From downtown Athol take Route 32 north. Cross the bridge over the Millers River and bear right onto Chestnut Hill Avenue. After less than .3 miles, bear left at a fork onto Old Keene Road (there is a fire hydrant at fork). Skyfields is about 1.5 miles north on right side.
The 40 acres of bucolic meadows and mixed-deciduous forest surrounding the headquarters of Mount Grace Land Conservation Trust are a pleasure to wander. You can take a leisurely walk around the arboretum, where signs will help you identify and learn about native trees of our region. Heading west across Old Keene Road, you can walk around the gently sloping hills of Willis Woods on a loop trail created in 2006. You can circumnavigate both the arboretum and Willis Woods trails in about an hour, but take your time!
From the parking area just north of the Skyfields building, head east and uphill slightly into the extensive meadow. A mown loop trail will take you through grassy fields, which come alive with tiny sparkles of blue-eyed “grass” (actually a lily) in early spring, burst with colorful blooms of common milkweed and black-eyed susans in mid-summer, and are burnished with the deep yellows of goldenrod in the fall. Peer among the milkweed flowers, and you’ll soon discover a rich world of interesting insects that make their living only on this species. Most famous and flamboyant among these insects is the bright orange monarch butterfly; you can hardly miss them flitting around Skyfields in July. The adult butterflies cruise the meadow, then begin to congregate for their astonishing, 3,000-mile-long migratory flights to Mexico, where they will spend the winter. Take time along the trail to enjoy and learn about the dozens of diverse trees and shrubs planted around the arboretum, including balsam fir, New Jersey tea, highbush cranberry, shagbark hickory, and summersweet.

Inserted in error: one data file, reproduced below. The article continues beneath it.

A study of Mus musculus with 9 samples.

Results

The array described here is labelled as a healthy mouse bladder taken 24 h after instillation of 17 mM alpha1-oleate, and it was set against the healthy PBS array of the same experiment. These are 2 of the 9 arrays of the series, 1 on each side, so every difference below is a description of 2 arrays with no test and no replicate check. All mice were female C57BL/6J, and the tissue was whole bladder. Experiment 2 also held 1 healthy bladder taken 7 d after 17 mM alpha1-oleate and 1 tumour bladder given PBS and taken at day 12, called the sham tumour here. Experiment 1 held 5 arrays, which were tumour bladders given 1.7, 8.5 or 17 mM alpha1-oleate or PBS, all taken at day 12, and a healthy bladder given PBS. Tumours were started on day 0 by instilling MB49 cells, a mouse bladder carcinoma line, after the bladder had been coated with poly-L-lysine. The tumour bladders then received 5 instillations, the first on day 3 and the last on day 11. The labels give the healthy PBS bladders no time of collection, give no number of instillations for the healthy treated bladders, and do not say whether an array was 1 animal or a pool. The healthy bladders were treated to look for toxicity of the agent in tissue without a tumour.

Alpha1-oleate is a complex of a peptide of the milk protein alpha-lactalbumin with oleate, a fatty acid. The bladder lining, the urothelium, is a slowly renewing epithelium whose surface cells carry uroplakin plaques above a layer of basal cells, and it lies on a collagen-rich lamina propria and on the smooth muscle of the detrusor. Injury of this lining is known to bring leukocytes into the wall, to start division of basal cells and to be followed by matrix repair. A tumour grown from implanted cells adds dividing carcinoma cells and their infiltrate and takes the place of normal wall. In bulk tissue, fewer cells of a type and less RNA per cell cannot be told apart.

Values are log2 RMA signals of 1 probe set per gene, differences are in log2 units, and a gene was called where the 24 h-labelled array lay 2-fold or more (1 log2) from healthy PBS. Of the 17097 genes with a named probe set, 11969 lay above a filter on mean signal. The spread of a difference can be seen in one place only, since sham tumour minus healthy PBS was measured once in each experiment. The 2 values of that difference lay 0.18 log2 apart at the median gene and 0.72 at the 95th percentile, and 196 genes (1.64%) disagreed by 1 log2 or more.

West of Old Keene Road is the Willis Woods Trail. Follow the arrows through a field that skirts a wetland area. Small clumps of planted, bright-orange day lilies are reminders that a barn once occupied this ground. The trail skirts the western edge of the field, then heads south over a stone wall next to an enormous “witness pine.” This giant tree and others like it in these woods date from the 1800’s. They were originally spared from felling by farmers who kept them to mark the boundaries of their properties. These woods were selectively logged only 4 years ago, and 10 years before that. A few former clearings are good places to pick a wild strawberry or blueberry on your walk. Head back uphill and across another stone wall. The trail will wind you gently through the field and back to the parking area.
Skyfields is open to the public for non-motorized outdoor recreation including hiking, bird watching, nature study, and hunting.